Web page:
A marriage annulment is a specific legal process to end a marriage. Unlike divorce, which identifies a formal beginning and end of a relationship, a marriage annulment declares that the marriage is null and void. When a marriage annulment is granted to a couple, it implies that there never existed a relationship of marriage between the couples, to begin with.
The implication of marriage annulment on your finances
When a marriage is annulled, the courts do their utmost to restore each of the spouses to their original financial state which they had before the marriage.
This means that all the money and property you came with into the marriage with, is the only thing you’d walk away with. This also incorporates any debt you brought into the marriage. Joint assets and debt amassed together during the marriage are basically shared equally.
However, it is not usually easy to get a marriage annulled. For this to be granted, you must meet certain conditions which includes the following:
- Concealing permanent impotency at the time of the marriage
- Marrying way below the legal age
- Marrying under duress like a threat of violence
- Mental incapacitation of one of the spouses due to serious mental disorder or due to influence of alcohol or drugs.
- Fraudulent act or concealment like hiding significant information like drug addiction or felony.
- Refusal or inability of any one party to consummate the marriage.
Grounds for an annulment differ from state to state, so you may want to contact a family law attorney to help you with the specific laws existing in your state.
How marriage annulment will affect your finances
The term “finances” does not only affect your bank accounts, it also includes the following:
- The revenue flow, especially alimony or spousal support
- Your real estate
- Pensions and 401(k)
- Individual property, and
- Debts, like loans, mortgages, and credit cards.
All the courts, no matter the state, have the authority to decide on issues of child support, regardless of whether the parents are married, single, or divorced.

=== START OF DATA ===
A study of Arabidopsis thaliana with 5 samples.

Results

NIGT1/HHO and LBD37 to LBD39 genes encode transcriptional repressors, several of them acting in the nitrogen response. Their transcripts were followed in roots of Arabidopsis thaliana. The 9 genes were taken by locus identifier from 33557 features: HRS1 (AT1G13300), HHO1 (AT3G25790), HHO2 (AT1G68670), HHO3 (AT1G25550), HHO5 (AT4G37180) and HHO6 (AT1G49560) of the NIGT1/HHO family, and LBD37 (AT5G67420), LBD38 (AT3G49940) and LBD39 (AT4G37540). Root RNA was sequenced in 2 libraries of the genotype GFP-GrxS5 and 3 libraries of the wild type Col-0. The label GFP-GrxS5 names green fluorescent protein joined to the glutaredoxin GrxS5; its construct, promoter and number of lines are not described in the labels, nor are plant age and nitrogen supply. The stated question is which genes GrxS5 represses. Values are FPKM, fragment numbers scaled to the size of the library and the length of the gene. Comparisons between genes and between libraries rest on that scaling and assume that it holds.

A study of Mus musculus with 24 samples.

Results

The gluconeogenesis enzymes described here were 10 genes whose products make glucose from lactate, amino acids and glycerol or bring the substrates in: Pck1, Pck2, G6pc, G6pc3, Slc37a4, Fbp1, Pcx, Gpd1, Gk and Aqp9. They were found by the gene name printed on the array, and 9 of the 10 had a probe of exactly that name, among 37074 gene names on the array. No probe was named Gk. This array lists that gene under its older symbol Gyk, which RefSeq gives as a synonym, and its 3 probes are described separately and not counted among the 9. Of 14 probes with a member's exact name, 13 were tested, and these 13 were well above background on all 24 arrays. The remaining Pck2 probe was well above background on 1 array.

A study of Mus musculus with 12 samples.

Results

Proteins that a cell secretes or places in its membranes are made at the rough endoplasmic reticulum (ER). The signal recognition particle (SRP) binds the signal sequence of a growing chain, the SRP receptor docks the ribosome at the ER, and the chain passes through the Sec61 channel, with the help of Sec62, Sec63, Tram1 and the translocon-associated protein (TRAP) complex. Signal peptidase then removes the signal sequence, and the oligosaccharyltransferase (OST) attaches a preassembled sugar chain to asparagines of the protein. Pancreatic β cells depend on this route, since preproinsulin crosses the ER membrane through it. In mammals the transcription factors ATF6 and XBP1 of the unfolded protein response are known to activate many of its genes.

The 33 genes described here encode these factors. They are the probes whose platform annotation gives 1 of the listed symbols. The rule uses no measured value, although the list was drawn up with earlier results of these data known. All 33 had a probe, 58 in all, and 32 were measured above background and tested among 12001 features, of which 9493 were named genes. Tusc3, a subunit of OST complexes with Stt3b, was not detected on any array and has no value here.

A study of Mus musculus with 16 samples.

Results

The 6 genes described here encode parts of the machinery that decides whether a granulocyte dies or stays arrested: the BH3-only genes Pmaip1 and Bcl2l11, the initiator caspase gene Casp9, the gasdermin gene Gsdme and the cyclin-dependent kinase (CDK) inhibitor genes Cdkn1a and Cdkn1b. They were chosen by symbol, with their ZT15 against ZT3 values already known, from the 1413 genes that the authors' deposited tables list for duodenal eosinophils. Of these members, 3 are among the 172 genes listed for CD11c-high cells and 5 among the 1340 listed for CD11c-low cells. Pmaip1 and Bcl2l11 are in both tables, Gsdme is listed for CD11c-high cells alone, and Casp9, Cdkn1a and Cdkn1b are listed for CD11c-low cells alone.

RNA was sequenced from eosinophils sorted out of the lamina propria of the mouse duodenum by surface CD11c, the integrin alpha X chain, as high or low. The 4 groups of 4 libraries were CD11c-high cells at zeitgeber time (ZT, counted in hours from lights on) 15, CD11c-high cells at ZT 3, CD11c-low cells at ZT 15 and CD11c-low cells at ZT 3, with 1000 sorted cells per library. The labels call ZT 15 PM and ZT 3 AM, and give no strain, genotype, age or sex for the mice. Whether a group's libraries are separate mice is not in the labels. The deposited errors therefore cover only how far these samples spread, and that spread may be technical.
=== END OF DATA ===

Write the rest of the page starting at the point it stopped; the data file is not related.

Annulment and support
In family law cases, support normally falls into two categories: child support and spousal support (alimony). This is also applicable to annulment proceedings.
Child protection is of utmost priority to courts, thus there is always provision for child support in every state law irrespective of the marital status of the parents.
It is the responsibility of parents to take care of their children irrespective of their marital status.
Alimony is usually not granted in some states like California on the grounds of marriage annulment. Other states, like New Jersey and Delaware, permit their court to award alimony in marriage annulment but this is not always the case.
Annulment and property
Due to the fact that an annulment makes a marriage null and void, the law allows the couples to part away with what they had before the marriage. In a number of instances, it works just okay as it frequently happens a short while after the marriage.
Annulment and debts
Sharing of property usually includes sharing of debt, as well. Both partners part away with the debt they incurred before the marriage while the debt they incurred during the period of the marriage is usually shared between the them.